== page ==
We hate dying, it sucks... it really sucks. Recently we were notified about some thing pretty incredible... this article from Mental Floss about the '10 Misconceptions About Things That Kill You' by Alvin Ward
As John Mulaney said, "I always thought quicksand was going to be a much bigger problem than it turned out to be." A 2005 study published in the journal Nature found that people can't totally sink in quicksand. We actually float in it, because we're not dense enough to sink in the mixture of sand, clay, and saltwater. Even if someone struggles and wiggles like we're told not to do, the most a person will sink is probably waist deep. At that point, if they just wait patiently for the quicksand to settle, they should be able to start floating out.
If you get impaled by any object, and I sincerely hope you don't, you should leave it in, then call 911 or get to the emergency room. Emergency medicine physician from the University of Chicago Medical Center, Dr. David Beiser has said, "It may be plugging a hole in an artery or vein, and as soon as you take it out, you could bleed to death."
People may tell you that if you're stranded and dehydrated in the desert, you should try to open a cactus for water. First of all, that is not water, okay, it's more juicy cactus pulp, and second, that juicy cactus pulp contains a lot of toxic alkaloids, which can make a person vomit or have diarrhea, which will only make them more dehydrated. So just, if you're out there, just good luck.
Gross. Many people have claimed that drinking their own urine has saved them in desperate situations. Lookin' at you, Bear Grylls, okay? And it's true that this will work for a day or two, but 5% of urine is waste products that your kidneys are intentionally getting rid of, so as you continue to pee and drink, just having a great time, partying or whatever, the urine will contain more and more waste products which are dangerous to drink. This will eventually cause kidney failure. Also, gross.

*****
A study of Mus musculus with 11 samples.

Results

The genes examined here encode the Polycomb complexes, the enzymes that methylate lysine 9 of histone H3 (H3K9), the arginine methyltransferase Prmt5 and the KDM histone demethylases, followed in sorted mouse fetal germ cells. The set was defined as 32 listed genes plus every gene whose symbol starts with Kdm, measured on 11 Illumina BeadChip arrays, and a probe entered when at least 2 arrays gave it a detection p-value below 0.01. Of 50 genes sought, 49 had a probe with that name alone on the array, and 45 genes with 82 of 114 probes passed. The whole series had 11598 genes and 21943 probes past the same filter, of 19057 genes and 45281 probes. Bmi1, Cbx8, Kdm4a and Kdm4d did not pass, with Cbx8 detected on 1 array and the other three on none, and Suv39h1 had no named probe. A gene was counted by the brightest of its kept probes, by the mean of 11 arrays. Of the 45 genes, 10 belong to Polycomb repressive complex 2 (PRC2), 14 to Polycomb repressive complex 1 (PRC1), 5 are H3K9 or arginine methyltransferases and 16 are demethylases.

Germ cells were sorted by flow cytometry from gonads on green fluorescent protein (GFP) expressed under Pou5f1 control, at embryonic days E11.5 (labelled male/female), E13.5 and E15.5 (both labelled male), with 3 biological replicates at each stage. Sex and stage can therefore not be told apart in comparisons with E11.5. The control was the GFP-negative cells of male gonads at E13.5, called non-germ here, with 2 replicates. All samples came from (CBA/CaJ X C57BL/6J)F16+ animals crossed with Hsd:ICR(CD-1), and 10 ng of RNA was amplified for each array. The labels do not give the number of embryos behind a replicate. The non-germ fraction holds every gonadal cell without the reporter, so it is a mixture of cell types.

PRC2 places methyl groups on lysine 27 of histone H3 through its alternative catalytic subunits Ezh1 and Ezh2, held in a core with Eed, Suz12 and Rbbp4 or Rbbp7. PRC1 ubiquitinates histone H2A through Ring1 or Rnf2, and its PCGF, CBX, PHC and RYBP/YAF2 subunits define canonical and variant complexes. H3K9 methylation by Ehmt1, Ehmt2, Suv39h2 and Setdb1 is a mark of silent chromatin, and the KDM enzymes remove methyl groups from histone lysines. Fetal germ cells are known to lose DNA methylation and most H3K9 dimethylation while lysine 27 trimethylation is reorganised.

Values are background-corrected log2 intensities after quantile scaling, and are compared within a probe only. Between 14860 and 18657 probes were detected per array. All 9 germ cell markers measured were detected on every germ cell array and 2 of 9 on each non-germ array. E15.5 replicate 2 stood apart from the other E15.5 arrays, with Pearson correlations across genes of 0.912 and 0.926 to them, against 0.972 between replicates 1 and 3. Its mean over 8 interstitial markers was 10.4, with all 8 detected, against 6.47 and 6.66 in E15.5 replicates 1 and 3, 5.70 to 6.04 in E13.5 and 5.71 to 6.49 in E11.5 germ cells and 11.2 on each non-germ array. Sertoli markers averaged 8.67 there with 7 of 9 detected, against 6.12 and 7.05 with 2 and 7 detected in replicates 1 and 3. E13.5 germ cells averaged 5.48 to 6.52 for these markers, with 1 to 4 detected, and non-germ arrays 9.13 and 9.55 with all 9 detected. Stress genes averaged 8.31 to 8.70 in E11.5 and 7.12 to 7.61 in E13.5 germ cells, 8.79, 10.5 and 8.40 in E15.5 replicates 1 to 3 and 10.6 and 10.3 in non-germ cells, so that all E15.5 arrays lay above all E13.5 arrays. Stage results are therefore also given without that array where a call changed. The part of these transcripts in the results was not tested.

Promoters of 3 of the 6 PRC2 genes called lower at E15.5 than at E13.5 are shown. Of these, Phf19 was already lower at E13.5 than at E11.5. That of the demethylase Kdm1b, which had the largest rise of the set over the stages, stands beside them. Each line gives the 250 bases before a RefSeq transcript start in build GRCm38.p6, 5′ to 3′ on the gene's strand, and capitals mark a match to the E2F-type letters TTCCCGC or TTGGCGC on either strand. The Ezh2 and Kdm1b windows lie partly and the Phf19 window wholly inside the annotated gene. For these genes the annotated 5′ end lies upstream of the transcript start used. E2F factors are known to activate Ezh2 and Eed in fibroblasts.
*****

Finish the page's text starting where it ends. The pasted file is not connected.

It will not. In fact, in 2013, pro-skier, Erik Roner tried to skydive with just an umbrella (well, and like, a backup parachute). It may have slowed him down a little bit at first, but within a few seconds, the umbrella flipped up, making it completely useless.
According to a survey conducted by The Society of Fire Protection Engineers, 65% of Americans feel safer from fires at home compared to a commercial or public building. But most deaths due to fire happen in the home. In 2011, there were around 2,500 deaths in the U.S. due to fires in the home. That same year, there were only about 100 deaths due to fires in non-residential buildings.
Not true! Tornadoes are possible any month or season. In fact, in 2008, there was a notable tornado outbreak on February 5 and 6 in the southern United States. Five states were affected over the course of about 15 hours: Missouri, Illinois, Arkansas, Alabama, and Tennessee, and actually, tornadoes can be even deadlier in the wintertime because they typically move faster. That was me doing a tornado. My mini tornado. You're welcome.
People say that if you're caught in a falling elevator, jumping at the exact moment of impact might save you, but this doesn't really work, okay? You need to have a very impressive reaction time, and even still, you could only reduce the speed of your impact by about 2 to 3 miles per hour. You'd also need to jump faster than the elevator was falling, which would be pretty tough, considering falling elevators tend to hit the ground at about 50mph.
According to experts, how to act during a bear attack depends whether the bear is being predatory or defensive. Grizzly bears tend to attack when they're being defensive. In those cases, it's best to play dead, because that shows the bear you're not a threat. Black bears are usually attacking in a predatory way. In this case, playing dead doesn't do much. If you have food, drop it, and back away slowly. If the bear keeps coming, you should get aggressive, scream and be loud. If you have pepper spray, you should use that. Just get out of there.
Emergency room physician at the University of Maryland School of Medicine Robert A. Barish has claimed, "The evidence suggests that cutting and sucking, or applying a tourniquet or ice does nothing to help the victim. Although these outdated measures are still widely accepted by the general public, they may do more harm than good by delaying prompt medical care, contaminating the wound, or by damaging nerves and blood vessels."
Thank you for watching Misconceptions on mental_floss on YouTube. If you have a topic for an upcoming Misconceptions episode that you would like to see, leave it down in the comments and we'll go through it and we'll inform you of all the misconceptions about it. It'll be awesome. I'll see you next week. Bye.
Keep Mental Floss awesome Alvin. Great work.